YMMV: Quentyn Quinn, Space Ranger
- While the comic raises some points about The Federation, it does get grating after a while and seems to offer absolutely no points showing the good things that they do, making them a strawman to beat upon.
- Ditto the "government bad" theme in the Coldest Equations arc.
- Gets outright ridiculous in the Kallifrax arc - the comic basically assumes that economics theories that have been vindicated for decades on Earth would somehow lead to societal collapse, and the genocidal Kallifrax subculture that gets nuked is a pretty obvious Expy of Iran.
- Critical Research Failure: During the Coldest Equations arc, "how much does the pilot's chair weigh?" is treated as an Armor-Piercing Question. However, even a cursory glance at the source material shows that the pilot had no means of stripping out any unnecessary weight/none of the weight was unnecessary.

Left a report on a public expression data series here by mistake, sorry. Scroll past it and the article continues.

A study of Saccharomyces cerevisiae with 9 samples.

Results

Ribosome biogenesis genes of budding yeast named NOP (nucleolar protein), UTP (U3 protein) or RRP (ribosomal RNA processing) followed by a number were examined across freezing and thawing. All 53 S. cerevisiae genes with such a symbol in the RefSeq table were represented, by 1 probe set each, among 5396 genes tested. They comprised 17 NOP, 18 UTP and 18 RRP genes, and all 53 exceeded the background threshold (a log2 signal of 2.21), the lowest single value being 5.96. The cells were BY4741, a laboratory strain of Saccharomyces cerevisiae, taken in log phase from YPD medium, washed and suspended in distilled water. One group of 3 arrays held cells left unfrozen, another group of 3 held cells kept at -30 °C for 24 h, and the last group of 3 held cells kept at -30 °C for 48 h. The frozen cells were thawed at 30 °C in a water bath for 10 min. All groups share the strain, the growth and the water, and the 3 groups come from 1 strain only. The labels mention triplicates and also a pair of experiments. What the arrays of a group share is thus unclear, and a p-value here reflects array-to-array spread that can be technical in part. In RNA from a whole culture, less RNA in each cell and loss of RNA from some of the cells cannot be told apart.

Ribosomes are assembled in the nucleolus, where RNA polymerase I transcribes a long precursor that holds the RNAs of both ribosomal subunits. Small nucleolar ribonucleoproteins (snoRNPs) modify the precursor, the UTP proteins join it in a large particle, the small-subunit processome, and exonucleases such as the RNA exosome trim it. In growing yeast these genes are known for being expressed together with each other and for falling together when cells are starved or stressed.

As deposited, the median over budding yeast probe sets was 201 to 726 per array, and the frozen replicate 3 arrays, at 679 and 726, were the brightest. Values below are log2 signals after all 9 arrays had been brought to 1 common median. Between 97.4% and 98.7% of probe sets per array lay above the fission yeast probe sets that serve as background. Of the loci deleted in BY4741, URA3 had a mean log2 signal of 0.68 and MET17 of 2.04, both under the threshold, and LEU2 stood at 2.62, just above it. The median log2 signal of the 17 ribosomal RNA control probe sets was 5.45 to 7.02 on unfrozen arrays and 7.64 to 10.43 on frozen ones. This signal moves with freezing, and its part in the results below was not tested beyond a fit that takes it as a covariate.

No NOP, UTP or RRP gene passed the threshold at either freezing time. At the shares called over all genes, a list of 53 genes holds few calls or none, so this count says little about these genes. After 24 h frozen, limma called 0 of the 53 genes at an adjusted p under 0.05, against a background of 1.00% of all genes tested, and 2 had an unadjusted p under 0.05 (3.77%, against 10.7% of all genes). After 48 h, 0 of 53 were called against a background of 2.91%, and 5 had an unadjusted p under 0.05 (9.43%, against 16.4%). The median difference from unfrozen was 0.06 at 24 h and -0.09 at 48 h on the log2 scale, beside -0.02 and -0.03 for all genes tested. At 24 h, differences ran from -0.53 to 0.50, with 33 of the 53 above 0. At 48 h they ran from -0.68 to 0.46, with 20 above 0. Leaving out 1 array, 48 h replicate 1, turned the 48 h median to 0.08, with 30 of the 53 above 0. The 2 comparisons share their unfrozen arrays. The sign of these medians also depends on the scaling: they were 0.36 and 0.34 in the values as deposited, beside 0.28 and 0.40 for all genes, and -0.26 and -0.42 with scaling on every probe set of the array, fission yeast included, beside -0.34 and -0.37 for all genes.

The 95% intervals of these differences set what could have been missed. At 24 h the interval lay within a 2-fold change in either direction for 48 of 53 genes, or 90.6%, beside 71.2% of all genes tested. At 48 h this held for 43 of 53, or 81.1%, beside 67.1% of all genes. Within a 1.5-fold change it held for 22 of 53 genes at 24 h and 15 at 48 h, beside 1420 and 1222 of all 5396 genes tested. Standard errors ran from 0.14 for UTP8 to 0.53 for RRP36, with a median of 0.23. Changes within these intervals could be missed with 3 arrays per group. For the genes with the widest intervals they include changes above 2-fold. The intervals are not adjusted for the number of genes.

- Marty Stu: The main character. He's nearly unbeatable; smarter and saner than almost anyone else; and never, ever wrong, no matter what. Of course, unlike his ancestor, Quentyn had to go through a rigorous training program to become a ranger. It's stated in the opening that rangers are essentially considered elite professionals: best trained, best equipped, the cream of the crop of all the forces of the empire. They have to be in order to operate pretty much independently for extended periods in potentially hostile environments. It helps if you consider the main character as the sci-fi equivalent of a Green Beret, a Navy Seal, or a Spetsnaz.
- Moral Event Horizon: Whatever the ambassadors did, the Confidantine considers it unforgivable enough to stretch her oath of secrecy), and it appears Quentyn agrees.
- Nightmare Fuel: The And I Must Scream fate of the neural templates.
- What Might Have Been: The Federation arc was originally going to be a good deal longer, but the readers' complaints regarding some of the Author Tract tendencies led to a shortening of the story. Thus, the readers never got to see Babbage (Data) confronted about his creator's obvious shortcomings in the software and design departments, nor Lothario (Riker) getting a brief analysis of his sexual mores. (This was well after Riker had sex with a neuter...) To say nothing of the far-too-familiar-to-Trekkies argument regarding why Geordi needs a VISOR. Ironically, some readers believe they would have complained far less if the Author Tract had eventually moved on to these potentially-more-entertaining scenarios.